COUNCILS are unlikely to raise council tax above three per cent this year amid allegations SNP ministers have moved to “pass the buck” of financial pressures onto local politicians.

Local authority funding will be at a virtual standstill next year, rising just £40m to £11.1billion – but with councils required to bring forward more Scottish Government priorities with ring-fenced cash.

Cosla, the umbrella organisation for Scottish councils, has warned that local authorities face tough decisions in setting their next annual budget after a lack of core funding from the Scottish Government – but has suggested this will be delivered through cuts to services rather than “unpalatable” huge council tax increases.

Gail Macgregor, Cosla’s sources spokesperson, told MSPs that a request from Scotland’s 32 council leaders for an urgent meeting with the First Minister after the Budget has been snubbed, with Ms Macgregor stating Ms Sturgeon “is not willing to meet with council leaders”

In a response letter send to council leaders by the Finance Secretary yesterday, despite a request for a sit-down with the First Minister, only "a meeting with the Cosla presidential team" has bene set up, scheduled for January 20.

Speaking at Holyrood’s Local Government Committee, Ms Macgregor told MSPs that all council leaders, including SNP politicians, have been left angry by the draft settlement from SNP Finance Secretary Kate Forbes.

Ms Forbes has allowed councils to raised council tax by an unlimited amount to mitigate the lack of funding being made available for core services - but many local authorities will find their hands tied given the cost and living crisis, surge in energy bills and upcoming elections in May.

Ms Macgregor said: “I’ve never seen leaders as angry as they were at our special leaders’ meeting when we were going through the figures for the settlement and obviously the relaxation around council tax.

“It was unanimous – every council leader or all political persuasions were really deeply disappointed with this settlement.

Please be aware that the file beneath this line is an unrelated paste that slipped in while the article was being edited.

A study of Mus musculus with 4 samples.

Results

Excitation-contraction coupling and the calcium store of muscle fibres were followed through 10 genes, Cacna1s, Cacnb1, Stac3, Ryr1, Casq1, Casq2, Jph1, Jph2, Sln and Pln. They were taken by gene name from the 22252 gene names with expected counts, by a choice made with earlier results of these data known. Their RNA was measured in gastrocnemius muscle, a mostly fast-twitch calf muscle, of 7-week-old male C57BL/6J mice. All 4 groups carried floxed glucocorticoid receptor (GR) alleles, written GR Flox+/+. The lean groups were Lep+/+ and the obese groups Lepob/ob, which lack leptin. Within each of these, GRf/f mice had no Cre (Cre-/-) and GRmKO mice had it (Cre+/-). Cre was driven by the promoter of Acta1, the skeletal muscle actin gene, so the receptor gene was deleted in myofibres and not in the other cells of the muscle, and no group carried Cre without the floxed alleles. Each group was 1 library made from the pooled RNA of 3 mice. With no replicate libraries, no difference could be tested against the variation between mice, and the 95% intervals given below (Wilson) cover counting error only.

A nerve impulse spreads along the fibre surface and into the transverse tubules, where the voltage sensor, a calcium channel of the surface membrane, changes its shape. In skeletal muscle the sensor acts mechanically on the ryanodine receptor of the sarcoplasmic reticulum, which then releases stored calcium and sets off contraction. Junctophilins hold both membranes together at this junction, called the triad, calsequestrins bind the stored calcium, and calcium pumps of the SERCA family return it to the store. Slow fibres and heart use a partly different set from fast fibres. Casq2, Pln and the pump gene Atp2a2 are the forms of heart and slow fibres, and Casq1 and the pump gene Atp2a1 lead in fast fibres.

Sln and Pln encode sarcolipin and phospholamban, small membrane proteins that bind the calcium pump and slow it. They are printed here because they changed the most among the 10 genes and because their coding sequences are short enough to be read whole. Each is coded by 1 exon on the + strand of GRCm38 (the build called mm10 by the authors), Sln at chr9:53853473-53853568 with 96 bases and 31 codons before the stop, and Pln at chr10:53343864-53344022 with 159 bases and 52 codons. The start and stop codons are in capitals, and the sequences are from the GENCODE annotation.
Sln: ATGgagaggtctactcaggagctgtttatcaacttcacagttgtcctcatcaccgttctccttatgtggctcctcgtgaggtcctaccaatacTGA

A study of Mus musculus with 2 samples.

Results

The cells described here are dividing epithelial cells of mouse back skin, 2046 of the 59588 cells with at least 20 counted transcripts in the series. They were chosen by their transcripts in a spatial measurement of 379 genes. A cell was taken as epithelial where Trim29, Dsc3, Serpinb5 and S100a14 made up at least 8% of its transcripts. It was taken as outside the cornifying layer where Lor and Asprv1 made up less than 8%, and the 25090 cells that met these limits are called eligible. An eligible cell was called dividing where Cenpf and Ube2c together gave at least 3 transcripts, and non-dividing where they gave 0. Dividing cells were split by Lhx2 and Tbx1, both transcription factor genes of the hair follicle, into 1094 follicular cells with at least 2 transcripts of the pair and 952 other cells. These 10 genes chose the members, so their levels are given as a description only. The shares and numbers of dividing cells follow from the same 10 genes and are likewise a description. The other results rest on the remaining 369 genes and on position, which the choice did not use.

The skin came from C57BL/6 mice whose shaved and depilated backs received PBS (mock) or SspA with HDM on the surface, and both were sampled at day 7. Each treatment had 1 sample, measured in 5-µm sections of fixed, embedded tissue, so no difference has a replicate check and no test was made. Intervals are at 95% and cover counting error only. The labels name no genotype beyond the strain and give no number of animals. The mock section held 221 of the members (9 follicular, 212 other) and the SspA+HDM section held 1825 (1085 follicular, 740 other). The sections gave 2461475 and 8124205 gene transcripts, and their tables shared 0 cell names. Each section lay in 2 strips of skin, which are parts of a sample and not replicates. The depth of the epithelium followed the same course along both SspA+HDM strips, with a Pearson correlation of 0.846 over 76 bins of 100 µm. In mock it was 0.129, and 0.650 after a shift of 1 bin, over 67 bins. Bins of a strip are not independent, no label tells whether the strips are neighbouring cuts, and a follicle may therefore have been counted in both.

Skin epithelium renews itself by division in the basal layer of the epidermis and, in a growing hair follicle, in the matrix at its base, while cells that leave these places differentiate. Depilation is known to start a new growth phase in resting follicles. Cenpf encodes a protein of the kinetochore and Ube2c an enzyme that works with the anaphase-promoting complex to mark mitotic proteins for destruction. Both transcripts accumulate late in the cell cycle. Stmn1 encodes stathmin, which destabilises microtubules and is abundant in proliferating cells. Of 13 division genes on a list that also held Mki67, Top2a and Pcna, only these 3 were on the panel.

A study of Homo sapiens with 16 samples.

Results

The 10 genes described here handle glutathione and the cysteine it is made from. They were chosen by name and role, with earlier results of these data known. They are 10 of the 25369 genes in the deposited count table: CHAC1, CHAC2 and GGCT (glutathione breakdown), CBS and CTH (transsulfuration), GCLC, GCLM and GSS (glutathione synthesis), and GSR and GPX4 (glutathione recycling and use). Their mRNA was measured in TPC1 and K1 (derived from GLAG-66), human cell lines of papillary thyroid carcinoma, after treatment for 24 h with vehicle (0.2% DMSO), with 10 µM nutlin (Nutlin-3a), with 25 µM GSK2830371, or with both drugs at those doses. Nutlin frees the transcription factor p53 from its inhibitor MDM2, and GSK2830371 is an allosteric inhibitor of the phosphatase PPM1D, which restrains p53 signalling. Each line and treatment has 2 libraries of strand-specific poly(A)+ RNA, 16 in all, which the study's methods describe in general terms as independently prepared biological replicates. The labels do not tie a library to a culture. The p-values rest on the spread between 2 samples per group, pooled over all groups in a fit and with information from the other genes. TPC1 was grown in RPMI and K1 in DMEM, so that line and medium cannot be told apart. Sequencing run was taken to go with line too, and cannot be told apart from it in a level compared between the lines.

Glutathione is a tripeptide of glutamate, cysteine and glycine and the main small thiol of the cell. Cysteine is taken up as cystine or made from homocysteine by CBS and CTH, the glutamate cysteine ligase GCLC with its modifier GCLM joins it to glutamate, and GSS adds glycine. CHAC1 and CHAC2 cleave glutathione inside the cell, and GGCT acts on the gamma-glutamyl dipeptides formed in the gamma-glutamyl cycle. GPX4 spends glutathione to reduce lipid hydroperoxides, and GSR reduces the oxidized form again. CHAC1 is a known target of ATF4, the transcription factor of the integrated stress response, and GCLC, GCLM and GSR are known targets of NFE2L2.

READ MORE: Council tax rise warning as SNP give authorities free rein

“When we factor in all the additional ring-fenced pressures that we’re going to have to deal with, it makes it a very challenging landscape.”

The Cosla resources spokesperson said the anger was amplified because “the Scottish Government have the ability to raise income tax themselves and chose not to”.

She added: “What they’ve essentially done is pass the buck to local government to fill that funding gap because there wasn’t sufficient funding within the block grant – within the settlement.

“There’s a real anger there amongst leaders that the pressure is now being put on them to make very difficult decisions locally.”

Pressed over whether local authorities could hike council tax by large amounts, given the freedom by SNP ministers, Ms Macgregor said: “I don’t see an appetite from leaders to hit households anymore than is absolutely necessary.

“I think leaders and councillors across Scotland understand the pressures that households are currently under.

“An above inflationary rise in council tax would be seen as very unpalatable so I suspect we will be seeing a roundabout inflationary mark of maybe 3%- which we’ve had in recent years.”

Ms Macgregor also warned that an aspiration for a £10.50 living wage for council workers is “a real pressure on local government” without additional funding.

She added: “We want to deliver for our communities but it’s where we have to cut to continue doing the ring-fenced and protected elements that’s going to cause the difficulty.”

READ MORE: Scottish Budget: Kate Forbes refuses to recognise £100m funding gap fears from councils

SNP MSP Willie Coffey pointed to an increase in funding, in cash terms, to Scottish councils’ annual funding in next year’s Budget.

Ms Macgregor said: “I do recognise that in its totally, there is more money coming to local government. But within that funding, a huge amount of that is going through local government rather than to – we are merely a conduit in the delivery in some of those payments and some of those policies.

“The funding is not directly to local government. There’s a huge amount of ring-fenced pot – which is for delivery of early learning and childcare, its for expansion of free school meals, it’s for music instruction – there’s a plethora of things.”

The Cosla official said that many of those policies have been scaled back by councils over the last few years due to lack of funding from the Scottish Government, but now SNP ministers have “ridden in on a white horse and put funding towards that”, which she warned “really undermines the role of local government”.